At my work we use CCNET, but with builds on check-in more than nightly - although it's easily configured for either or both.
You can very easily set up unit testing to run on every checkin as well, FXCop testing, and a slew of other products.
I would also advise checking out Team City as an option, because it has a free version, and the reporting and setup is reportedly much simpler (it does look nice to me). It does have a limit of somewhere around 20 team members/projects, before it hits a pay-for window.
That said, we started with CCNET, and have grown several products too large to look at Team City on the free version and are very happy with what we have.
Features that help with CCNET include:
- XML based configuration - you can usually copy and paste most of what you need.
- More or less you'll be able to plug your treesurgeon script in as your build script, and point CCNET at that as an executable task to run the compilation.
- Lots of documentation and very easy to set up nunit, ncover, fxcop, etc.
- Taskbar app that will let you know the status of your projects at any time, and it can also fire off an email or keep an RSS feed with the same information.
But I'd definitely go with running a CI build on every check-in - for the most part will run the unit tests before checking in, but let the CCNET server handle run any applications/assemblies that would have dependencies on the assembly we're checking in, and they get re-built, and re-tested on every checkin.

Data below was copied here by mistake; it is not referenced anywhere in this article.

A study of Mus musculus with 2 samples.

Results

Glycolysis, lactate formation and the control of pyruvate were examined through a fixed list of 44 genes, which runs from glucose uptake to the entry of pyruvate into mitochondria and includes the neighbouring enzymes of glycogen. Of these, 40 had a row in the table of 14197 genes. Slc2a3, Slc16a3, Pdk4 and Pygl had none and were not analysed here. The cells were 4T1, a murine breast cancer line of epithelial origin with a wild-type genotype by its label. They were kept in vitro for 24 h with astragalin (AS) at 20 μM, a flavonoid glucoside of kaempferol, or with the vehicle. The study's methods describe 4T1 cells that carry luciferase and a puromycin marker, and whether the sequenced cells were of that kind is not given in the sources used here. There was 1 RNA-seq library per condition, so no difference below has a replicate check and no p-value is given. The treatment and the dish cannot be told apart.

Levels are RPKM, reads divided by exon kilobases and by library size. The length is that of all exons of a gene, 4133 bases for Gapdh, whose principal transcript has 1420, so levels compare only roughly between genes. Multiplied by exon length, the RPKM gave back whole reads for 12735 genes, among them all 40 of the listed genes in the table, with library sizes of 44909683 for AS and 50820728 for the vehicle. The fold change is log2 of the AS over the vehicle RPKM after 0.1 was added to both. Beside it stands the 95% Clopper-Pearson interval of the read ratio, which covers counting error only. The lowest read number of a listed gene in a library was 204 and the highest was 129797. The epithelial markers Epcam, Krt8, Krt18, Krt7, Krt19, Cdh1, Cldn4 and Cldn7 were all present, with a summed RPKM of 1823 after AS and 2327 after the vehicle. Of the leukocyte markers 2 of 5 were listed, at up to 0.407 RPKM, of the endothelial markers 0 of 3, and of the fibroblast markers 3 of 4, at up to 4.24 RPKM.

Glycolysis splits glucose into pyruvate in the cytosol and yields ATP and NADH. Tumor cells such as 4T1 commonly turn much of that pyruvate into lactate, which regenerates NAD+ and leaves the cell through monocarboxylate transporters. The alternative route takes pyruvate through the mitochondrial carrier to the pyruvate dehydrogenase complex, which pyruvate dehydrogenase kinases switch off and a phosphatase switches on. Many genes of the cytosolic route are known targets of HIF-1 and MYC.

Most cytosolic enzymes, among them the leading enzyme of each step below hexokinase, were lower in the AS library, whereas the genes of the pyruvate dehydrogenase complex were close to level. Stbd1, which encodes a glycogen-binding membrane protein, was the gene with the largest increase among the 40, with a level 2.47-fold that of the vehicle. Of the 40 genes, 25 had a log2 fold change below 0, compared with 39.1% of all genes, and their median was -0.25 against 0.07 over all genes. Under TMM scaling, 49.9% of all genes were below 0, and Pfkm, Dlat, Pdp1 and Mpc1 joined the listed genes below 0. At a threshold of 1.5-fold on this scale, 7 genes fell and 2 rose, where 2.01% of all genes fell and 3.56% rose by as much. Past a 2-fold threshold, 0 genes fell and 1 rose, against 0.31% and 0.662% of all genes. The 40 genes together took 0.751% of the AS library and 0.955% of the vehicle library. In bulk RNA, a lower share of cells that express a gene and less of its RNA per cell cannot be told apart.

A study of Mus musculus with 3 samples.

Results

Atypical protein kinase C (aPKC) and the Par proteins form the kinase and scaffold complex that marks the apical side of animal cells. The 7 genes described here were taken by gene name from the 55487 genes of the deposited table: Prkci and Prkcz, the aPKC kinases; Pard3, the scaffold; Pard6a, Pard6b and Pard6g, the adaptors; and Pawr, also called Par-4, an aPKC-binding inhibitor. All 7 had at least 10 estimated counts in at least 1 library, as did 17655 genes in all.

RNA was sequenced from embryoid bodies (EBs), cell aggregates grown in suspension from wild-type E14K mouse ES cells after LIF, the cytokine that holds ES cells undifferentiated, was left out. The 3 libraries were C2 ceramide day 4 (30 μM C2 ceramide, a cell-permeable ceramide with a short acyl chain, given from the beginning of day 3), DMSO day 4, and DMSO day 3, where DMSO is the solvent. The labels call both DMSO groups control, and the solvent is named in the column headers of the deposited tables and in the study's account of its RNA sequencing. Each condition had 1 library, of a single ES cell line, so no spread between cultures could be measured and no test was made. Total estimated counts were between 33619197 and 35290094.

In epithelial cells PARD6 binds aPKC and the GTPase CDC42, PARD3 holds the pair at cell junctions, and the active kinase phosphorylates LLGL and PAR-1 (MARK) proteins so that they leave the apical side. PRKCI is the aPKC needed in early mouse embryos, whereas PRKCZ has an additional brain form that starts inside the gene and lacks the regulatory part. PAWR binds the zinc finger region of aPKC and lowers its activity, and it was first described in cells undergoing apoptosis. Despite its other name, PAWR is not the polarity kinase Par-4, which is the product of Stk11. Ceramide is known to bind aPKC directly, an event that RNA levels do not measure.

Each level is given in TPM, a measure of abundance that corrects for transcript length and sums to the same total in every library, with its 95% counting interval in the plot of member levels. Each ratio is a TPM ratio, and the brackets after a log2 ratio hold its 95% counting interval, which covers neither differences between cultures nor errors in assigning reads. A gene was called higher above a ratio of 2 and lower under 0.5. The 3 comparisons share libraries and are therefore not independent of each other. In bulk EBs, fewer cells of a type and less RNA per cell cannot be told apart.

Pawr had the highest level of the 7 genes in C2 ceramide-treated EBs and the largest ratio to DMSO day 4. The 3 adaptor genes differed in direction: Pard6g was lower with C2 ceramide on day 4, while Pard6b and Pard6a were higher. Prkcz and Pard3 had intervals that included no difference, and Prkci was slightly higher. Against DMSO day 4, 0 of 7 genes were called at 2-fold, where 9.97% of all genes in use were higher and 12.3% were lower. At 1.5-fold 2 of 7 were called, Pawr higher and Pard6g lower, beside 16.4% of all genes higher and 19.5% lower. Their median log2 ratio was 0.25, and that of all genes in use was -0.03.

Given that CCNET is free free and takes very little time to set up - I'd highly recommend just going for it and seeing if it suits you, then expanding from there.
(There's another thread here where I posted pretty much the same/with a few alterations - but some of the other comments may help too! Automated Builds)
Edit to add: You can easily set up your own deployment scheme for CCNET, and there are a tonne of blog posts out there to assist, and email notifications can really be set up fairly granularly, either on all successes, all failures, when it changes from success to fail, etc. There's also built in RSS, and you could even set up your own notifiers for other systems.